Rewarding Employee Excellence

You are sitting in a posh restaurant and the food is fine.  The service is a tad aloof, bordering on haughty – it seems they want to make sure you fully grasp how fortunate you are to be there.  The waiter is a bit put off when one of your guests asks if they happen to have Thousand Island dressing, responding (in just the right tone to imply: “…you rube!”), “No sir, we have only the house dressing.”  The final check comes for your party of four: $260.  Your dinner companion, who is quite concerned about appearing sophisticated enough to warrant being in such an establishment, watches as you take pen in hand and start to fill in the tip amount…(and we think only teenagers fold to social pressure!) so you decide $60 would look good.  Over 20%!

The next day you are having lunch with me – likely at a neighborhood dive.  The place is crowded, but our soon-to-be waitress greets us warmly and tells us to sit wherever we wish.  Between hustling back and forth from the kitchen to the several tables she is caring for, she delivers menus and a couple waters, takes our drink order, and cheerily tells us about the day’s specials.  When I ask about Thousand Island dressing she says, “Absolutely, Sweetie!”  That gives you the courage to ask about Dorothy Lynch, to which she says, “You bet!”  She immediately brings our drinks and soon thereafter delivers our food.  She periodically checks back to make sure we are okay and about 15 minutes into our meal, as she is flying around the room, she brings us fresh drinks.  Then she stops by to ask if we would like separate checks.  We tell her one is fine and our bill arrives shortly thereafter: $17.  You plop your credit card down – she promptly picks it up and returns it to you for a signature.  The receipt has a hand-written note (above a smile symbol – a small indicator of pride) telling us her name is Dorothy and she hopes we will come back.  We continue to talk as you sign the receipt and fill in the tip…$4.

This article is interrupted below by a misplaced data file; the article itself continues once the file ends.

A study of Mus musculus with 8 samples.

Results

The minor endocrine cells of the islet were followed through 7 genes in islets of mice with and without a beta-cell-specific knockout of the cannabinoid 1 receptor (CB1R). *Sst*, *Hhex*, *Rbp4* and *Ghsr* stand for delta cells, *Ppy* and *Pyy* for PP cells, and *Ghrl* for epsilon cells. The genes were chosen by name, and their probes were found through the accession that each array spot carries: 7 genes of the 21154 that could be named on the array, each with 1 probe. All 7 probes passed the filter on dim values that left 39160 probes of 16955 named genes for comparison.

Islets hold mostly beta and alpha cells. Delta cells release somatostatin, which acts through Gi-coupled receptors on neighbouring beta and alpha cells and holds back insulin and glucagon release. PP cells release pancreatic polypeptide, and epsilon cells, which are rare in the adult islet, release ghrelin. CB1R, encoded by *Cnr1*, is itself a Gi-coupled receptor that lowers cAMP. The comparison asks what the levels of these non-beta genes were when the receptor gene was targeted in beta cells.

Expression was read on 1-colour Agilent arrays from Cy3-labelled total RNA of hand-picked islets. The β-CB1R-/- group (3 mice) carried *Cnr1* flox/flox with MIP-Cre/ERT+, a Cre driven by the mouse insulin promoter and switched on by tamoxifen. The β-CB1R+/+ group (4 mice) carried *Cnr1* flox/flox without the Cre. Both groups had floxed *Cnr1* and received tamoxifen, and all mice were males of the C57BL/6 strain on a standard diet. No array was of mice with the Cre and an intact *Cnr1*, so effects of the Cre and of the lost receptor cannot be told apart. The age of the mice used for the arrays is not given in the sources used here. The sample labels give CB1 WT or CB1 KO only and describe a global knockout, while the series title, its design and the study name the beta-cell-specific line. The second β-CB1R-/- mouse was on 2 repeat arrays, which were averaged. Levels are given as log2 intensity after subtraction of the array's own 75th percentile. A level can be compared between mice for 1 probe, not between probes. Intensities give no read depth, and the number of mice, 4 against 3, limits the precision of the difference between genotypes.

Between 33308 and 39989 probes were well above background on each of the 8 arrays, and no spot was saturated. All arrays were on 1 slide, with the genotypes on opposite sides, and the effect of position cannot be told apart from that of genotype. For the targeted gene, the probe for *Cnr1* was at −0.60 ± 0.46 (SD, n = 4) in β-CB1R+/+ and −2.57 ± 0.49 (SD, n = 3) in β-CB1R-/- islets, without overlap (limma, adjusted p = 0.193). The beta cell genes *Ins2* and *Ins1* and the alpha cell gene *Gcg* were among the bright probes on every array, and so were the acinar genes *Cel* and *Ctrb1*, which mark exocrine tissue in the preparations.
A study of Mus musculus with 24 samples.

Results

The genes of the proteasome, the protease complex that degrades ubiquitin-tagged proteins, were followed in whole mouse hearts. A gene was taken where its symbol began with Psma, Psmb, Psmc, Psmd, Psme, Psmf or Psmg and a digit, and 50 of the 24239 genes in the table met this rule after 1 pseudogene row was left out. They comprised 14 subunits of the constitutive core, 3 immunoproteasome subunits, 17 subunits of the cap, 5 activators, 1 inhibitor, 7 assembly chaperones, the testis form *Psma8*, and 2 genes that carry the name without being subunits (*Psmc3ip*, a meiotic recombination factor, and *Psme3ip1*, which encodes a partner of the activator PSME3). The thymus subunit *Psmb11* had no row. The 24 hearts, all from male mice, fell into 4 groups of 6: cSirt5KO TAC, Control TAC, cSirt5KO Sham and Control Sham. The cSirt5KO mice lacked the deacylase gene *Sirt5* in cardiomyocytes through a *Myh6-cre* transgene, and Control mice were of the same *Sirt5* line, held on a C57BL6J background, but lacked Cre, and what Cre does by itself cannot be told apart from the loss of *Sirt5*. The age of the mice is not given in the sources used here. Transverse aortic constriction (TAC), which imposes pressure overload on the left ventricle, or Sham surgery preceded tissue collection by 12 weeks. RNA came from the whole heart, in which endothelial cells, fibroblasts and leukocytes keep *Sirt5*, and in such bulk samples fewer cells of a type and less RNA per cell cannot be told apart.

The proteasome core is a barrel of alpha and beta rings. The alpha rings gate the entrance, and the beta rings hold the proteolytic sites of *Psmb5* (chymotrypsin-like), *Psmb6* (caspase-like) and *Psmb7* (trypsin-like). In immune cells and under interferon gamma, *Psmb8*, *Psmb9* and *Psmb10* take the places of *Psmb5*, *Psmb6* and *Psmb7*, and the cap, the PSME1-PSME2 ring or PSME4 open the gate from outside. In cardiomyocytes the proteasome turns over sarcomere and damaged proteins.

Be honest – how often have you done this?  (I know, I know – fancy restaurants have more overhead – well, apparently not enough to have a bottle of Dorothy Lynch in a fridge.  :-))

A great mentor to me was a man named General Marty Colladay.  I remember the first time we met – it was at a Village Inn in my hometown of Bellevue.  The General and I just had cokes, and we talked for almost two hours.  A nice young gal took great care of us – checking in to see that we were okay and bringing refills.  As we were leaving, I saw the $2 check she had left so I tossed $3 on the table.  In the nicest way, General Colladay said, “You know, Kim, we took up one of that young lady’s tables for quite a while – and she treated us great.”  Then he took out $10 and added that to what I had left it on the table – for me, a searing formative moment.

General Colladay understood something about leadership that I needed to learn:  Effective leaders assertively reward great performance and employee excellence at all levels of the organization, and they reject the restrictions of percentage-based thinking, i.e., rather than base the maximum size of award (e.g., bonus) on a simplistic, percentage-based formula, they use their own judgment to determine an award amount that is deserved and equitable.

I suspect General Colladay would’ve been comfortable leaving a $40 tip at the snooty restaurant; I know he would have enjoyed leaving the extra $20 for Dorothy.